Engineer your wellbeing the way you would your house

As part of our sustainability development, we’ve been reviewing our practices around wellbeing and the wellbeing of our team. We aspire “to do the right thing and do things right” in all aspects of our business. Looking after our team is a top priority.

I recently attended “Getting Through Together Wellbeing Forum” at Canterbury Employers Chamber of Commerce, facilitated by Ciaran Fox from AllRight? (Mental Health Foundation).

Inspired by the Te Whare Papa Whā model, designed by Sir Mason Durie, and by the recent wellbeing survey we’ve done at Caliber, I’ve distilled the ideas into a format that I thought might appeal to some of my engineering colleagues.

The strength is the sum of the whole

Imagine a basic house structure—four walls, a foundation, an interior. The four walls all meet in the corners. They’re interconnected and interdependent. The strength of the house is determined by the strength of the whole structure. The strength of the overall structure is dependent on the stability of the foundations. What goes on inside the house is dependent on the strength of the whole.

In Durie’s Te Whare Papa Whā model, the walls represent physical, spiritual, mental/emotional and family/social needs. The foundation represents our sense of place or belonging. The interior is our wellbeing.

All aspects of the house need maintenance. Failing to look after one wall impacts the overall strength of the structure … our wellbeing, may suffer.

Essential maintenance

To keep your house strong, there are five “simple yet proven actions you can use every day to help you find balance, build resilience, and boost your wellbeing” (AllRight). They are: Give, Keep Learning, Be Active, Take Notice, Connect.

Supporting wellbeing at work

While everyone has a responsibility to look after their own wellbeing, as employers we can encourage it in the workplace. Like personal habits, it’s about what we do every day rather than grand gestures that make the difference to team wellbeing. Here are some examples of what we’re currently doing at Caliber …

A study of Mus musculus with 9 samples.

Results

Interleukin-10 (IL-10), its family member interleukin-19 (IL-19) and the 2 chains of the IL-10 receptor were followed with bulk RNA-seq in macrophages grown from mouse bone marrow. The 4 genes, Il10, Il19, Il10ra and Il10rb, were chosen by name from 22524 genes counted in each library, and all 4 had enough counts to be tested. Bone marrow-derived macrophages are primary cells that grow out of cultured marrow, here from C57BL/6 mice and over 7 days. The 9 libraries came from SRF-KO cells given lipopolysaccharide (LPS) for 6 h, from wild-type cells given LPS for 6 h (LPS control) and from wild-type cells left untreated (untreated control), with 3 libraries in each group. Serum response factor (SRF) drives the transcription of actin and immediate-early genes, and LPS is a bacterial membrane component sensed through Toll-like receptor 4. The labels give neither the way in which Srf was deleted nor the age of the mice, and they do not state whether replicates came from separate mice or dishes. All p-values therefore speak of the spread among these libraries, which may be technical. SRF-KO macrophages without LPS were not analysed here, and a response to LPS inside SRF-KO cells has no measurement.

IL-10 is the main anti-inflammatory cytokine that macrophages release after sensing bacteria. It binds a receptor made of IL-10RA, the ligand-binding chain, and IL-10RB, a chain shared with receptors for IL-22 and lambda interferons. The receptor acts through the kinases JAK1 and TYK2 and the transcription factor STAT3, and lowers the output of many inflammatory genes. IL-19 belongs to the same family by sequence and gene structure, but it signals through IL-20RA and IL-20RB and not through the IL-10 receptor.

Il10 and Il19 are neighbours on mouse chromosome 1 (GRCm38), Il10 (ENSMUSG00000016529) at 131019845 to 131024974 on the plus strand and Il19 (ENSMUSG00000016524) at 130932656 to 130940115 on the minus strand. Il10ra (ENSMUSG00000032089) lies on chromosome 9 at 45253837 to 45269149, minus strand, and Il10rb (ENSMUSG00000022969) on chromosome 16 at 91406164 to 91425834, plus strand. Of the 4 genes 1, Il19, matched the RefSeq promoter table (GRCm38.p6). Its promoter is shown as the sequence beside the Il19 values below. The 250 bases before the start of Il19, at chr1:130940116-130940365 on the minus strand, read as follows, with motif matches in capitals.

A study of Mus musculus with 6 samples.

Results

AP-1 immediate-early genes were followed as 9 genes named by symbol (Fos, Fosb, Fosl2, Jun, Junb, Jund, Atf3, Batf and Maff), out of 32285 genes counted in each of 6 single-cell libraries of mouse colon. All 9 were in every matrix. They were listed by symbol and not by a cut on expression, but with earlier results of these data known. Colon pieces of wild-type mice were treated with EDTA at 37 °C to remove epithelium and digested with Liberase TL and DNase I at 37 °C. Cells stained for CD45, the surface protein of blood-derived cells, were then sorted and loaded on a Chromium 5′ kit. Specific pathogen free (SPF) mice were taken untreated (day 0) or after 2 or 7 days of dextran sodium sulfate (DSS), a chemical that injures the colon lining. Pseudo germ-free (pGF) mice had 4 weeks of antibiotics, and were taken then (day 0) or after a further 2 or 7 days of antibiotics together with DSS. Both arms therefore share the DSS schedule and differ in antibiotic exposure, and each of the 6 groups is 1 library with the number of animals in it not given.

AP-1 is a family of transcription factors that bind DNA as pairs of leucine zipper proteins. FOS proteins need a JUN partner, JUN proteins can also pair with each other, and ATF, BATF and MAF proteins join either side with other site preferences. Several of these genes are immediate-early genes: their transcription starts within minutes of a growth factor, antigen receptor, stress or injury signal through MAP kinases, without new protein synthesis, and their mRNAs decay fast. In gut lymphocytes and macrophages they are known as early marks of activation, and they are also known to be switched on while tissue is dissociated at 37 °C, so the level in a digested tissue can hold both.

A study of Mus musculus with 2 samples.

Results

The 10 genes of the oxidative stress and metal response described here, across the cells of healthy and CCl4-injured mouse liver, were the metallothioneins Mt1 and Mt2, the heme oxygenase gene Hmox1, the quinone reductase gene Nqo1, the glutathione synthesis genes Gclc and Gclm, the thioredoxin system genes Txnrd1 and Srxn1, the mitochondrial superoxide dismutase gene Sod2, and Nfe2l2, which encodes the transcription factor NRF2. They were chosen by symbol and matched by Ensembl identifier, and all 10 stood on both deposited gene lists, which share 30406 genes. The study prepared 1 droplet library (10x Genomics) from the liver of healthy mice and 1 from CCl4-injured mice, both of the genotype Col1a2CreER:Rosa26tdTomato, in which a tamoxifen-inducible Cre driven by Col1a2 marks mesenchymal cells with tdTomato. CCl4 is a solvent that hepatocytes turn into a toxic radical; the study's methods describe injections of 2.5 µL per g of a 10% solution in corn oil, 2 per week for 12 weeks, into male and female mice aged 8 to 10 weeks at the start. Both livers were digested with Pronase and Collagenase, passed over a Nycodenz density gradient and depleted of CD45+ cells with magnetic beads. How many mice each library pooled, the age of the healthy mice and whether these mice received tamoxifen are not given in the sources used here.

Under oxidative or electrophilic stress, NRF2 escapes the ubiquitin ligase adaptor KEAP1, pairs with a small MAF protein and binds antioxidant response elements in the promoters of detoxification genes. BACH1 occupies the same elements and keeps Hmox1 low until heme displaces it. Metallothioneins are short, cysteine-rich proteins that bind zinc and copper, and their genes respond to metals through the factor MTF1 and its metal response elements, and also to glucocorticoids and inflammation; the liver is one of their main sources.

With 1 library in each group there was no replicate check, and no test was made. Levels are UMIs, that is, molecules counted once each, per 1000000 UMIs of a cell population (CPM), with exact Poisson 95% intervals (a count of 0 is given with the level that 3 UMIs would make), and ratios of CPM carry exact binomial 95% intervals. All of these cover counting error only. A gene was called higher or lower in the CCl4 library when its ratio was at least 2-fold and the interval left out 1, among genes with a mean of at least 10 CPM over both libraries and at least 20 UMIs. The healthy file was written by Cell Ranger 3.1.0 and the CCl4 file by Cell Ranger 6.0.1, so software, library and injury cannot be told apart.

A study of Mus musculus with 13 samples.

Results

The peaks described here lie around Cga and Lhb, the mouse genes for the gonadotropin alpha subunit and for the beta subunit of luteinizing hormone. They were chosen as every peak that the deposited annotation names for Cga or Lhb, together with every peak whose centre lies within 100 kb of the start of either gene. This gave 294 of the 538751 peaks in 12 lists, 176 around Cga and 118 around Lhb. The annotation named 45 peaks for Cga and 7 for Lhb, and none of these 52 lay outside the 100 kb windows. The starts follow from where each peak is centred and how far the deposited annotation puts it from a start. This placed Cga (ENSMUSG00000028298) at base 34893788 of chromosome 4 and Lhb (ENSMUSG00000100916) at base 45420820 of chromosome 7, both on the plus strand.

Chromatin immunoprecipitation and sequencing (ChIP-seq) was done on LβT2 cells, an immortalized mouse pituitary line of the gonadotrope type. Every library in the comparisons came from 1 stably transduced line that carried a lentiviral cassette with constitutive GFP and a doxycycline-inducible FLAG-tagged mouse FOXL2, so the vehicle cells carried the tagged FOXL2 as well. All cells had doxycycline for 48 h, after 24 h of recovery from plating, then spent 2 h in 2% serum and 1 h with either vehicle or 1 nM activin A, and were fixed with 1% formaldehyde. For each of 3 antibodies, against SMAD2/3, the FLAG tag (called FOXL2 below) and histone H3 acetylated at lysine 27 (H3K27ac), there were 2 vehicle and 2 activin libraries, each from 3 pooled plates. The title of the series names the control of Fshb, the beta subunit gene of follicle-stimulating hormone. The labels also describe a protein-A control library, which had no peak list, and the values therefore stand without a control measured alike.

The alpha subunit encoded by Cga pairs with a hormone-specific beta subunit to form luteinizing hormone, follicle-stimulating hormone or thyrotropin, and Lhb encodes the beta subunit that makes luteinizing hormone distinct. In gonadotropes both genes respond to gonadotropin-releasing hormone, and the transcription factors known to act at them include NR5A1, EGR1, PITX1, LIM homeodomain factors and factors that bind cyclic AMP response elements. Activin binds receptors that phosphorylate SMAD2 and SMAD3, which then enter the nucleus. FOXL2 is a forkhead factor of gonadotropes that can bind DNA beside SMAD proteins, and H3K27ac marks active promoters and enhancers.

• GIVE – mentoring opportunities through schools, tertiary institutions, community organisations.
  • KEEP LEARNING – human skills training, CAD exams, personal development.
  • BE ACTIVE – flexible hours so people have time to exercise, active team events.
  • TAKE NOTICE – show gratitude to our teammates and clients, reflect on where we’re at.
  • CONNECT – regular get togethers, phone calls, making an effort to connect with one another.

For Caliber, we have to work extra hard at connecting as a team because our engineers work at our clients’ premises. We don’t share a common place very often. With ongoing lockdowns and the lasting shift of more people working from home, this will be something that many businesses are focusing on.

Changing the way we think about it  

Like it or not, we all have mental health, just like physical health. Both affect our wellbeing. Some people don’t think too much about their health until they get sick or injure themselves. Same goes for mental health. We know that being fit, active, and eating a healthy diet is a proactive way stay physically well. But we’re still going to get sick sometimes, right? But that physical fitness will often help us recover more quickly. We can treat our mental health the same way—ignore it until there’s a crisis or take a proactive approach to building a mental fitness routine into our daily lives (or, to follow our analogy through, do regular housework). So, when something distressing does happen, you’ve got some good habits in place already to help you through.

So our challenge, personally and as employers, is to keep our house in order … develop some feel good habits that slot into our day … especially important in 2020.

There are some great resources from The Mental Health Foundation and Allright.

Thanks to Canterbury Employers Chamber of Commerce and Ciaran Fox from Allright for a really informative, practical, and inspiring forum.